Proposals to include forests and land use activities in existing and new carbon markets will be discussed in Lima. But sequestration of carbon in land cannot compensate for continued fossil fuel emissions – the impact of fossil fuel emissions are permanent, whereas storing carbon in forests and soils is temporary and can be easily reversed by cutting the forests for example.
According to the latest IPCC findings, forests and land use collectively account for 24% of global emissions – 10-12 GtCo2e annually. This is, by far, the largest sources of emissions in certain regions. In 2012 in Brazil, more than 61% of GHG emissions came from forests and farming activities.
Mitigation practices in the land use sectors distinguish between emissions reductions – which are considered permanent, and soil sequestration – which is considered not permanent and highly uncertain. The risk of impermanence of afforestation and reforestation CDM projects has so far been addressed by issuing temporary credits which expire and need to be replaced with permanent credits.
Given that this approach has been highly unattractive to investors, some countries have proposed new approaches to address non-permanence which will be discussed in Lima. At the same time, countries will discuss whether to allow climate-smart-agriculture activities and the crediting of reforestation of depleted forests in the CDM. The latter topic has been on the agenda since Copenhagen but was then rejected because the new definition would open doors for subsidies to unsustainable practices in industrial tree plantations and a potentially vast additional source of non-permanent offset credits.
Including land use activities in the CDM crediting system is subjected to profuse challenges. These include the need to address adaptation to climate change in land use activities, the oversupply and lack of demand for carbon offsets and the complexity of providing a reliable accounting framework for emissions reductions from land use activities.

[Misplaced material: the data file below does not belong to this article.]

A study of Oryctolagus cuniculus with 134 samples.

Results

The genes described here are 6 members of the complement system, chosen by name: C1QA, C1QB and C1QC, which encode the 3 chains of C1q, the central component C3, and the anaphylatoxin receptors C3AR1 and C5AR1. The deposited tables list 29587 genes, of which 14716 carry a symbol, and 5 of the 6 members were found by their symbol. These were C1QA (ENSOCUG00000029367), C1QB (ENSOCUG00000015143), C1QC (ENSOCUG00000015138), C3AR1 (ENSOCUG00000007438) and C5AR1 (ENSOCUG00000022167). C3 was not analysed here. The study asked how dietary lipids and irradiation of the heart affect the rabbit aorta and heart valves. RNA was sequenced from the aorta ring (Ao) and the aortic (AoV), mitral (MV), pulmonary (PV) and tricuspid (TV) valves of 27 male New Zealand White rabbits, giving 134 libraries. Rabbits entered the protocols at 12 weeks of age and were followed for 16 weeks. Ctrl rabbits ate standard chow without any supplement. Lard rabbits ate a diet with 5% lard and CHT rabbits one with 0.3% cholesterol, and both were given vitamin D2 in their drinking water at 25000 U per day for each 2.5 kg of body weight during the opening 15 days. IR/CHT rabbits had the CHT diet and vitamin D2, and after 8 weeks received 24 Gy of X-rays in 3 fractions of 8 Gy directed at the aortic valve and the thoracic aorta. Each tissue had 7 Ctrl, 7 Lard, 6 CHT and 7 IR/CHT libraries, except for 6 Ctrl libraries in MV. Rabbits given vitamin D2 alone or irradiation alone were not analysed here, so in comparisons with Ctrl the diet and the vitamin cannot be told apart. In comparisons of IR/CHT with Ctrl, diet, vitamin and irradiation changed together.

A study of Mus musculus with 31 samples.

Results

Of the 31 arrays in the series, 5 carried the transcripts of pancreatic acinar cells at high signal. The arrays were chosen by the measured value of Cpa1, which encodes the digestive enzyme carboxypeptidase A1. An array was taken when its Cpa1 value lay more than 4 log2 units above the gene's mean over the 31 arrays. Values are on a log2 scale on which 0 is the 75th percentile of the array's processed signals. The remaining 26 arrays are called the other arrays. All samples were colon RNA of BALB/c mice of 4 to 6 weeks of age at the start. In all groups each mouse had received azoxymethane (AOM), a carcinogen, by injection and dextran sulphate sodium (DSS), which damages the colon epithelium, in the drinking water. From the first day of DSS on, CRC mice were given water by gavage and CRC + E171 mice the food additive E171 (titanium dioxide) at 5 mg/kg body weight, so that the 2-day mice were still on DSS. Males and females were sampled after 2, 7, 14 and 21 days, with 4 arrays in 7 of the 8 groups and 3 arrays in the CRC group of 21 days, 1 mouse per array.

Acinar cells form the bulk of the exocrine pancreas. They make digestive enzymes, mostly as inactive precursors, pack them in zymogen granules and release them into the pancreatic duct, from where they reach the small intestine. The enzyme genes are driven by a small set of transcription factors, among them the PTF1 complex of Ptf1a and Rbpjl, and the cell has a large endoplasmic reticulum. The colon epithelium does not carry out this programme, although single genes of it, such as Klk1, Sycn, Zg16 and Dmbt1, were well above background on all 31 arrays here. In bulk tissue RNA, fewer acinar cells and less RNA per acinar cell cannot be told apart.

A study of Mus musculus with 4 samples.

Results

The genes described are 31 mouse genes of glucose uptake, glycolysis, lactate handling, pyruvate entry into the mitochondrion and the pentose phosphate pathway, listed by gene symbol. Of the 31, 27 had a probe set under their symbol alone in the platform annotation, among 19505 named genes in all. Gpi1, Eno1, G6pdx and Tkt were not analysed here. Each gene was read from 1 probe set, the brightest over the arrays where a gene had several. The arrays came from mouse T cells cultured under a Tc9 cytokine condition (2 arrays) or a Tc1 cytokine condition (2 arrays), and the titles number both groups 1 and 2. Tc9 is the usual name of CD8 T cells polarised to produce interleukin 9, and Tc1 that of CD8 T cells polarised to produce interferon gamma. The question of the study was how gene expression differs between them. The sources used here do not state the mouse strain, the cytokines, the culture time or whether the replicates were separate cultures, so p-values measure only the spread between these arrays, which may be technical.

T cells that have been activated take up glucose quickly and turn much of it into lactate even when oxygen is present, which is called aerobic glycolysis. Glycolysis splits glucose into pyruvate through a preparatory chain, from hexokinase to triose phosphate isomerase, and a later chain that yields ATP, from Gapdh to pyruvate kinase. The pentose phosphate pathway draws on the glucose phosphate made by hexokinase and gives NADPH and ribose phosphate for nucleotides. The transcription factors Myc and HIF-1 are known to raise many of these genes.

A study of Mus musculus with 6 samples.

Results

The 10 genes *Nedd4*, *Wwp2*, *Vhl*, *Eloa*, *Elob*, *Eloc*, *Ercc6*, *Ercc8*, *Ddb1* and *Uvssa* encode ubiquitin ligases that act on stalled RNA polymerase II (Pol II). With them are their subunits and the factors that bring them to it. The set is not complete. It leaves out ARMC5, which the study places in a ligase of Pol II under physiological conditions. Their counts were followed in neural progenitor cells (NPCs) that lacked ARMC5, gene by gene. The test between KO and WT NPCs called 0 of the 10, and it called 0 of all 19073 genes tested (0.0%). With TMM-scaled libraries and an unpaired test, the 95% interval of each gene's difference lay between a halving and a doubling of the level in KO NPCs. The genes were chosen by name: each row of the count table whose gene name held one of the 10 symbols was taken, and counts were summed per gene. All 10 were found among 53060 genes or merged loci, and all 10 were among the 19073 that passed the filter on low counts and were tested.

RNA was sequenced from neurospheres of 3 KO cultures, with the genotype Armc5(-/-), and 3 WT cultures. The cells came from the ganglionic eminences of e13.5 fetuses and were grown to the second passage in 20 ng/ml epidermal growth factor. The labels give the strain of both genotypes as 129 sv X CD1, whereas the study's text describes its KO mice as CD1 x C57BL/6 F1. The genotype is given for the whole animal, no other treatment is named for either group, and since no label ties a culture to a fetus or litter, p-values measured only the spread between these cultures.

The potential for emission reductions from land use activities are considerable, but it must be ensured that mitigation does not compromise adaptation, food security or other social and environmental safeguards. However, carbon markets put mitigation in the forefront and are thus not an appropriate means to tackle emissions from land use activities.
Moreover, mitigation in the land use sector should not be used as offsets to displace or reduce mitigation in other sectors. Sequestration of carbon in land cannot compensate for continued fossil fuel emissions – fossil fuel emissions are permanent, whereas carbon sequestration in forests and soils is well documented in scientific research to be temporary. Emission removals and reduced emissions in the land sector should be considered additional and separately to industrial emission reductions.
The climate finance that is needed to reduce emissions from deforestation and land use should therefore be mobilized outside carbon markets and offsetting projects. There are several initiatives which address both climate mitigation and adaptation and where land use activities would better fit. For example, Nationally Appropriate Mitigation Actions (NAMAs) represent a great potential as they allow a focus on developing countries’ own contribution to sustainable development.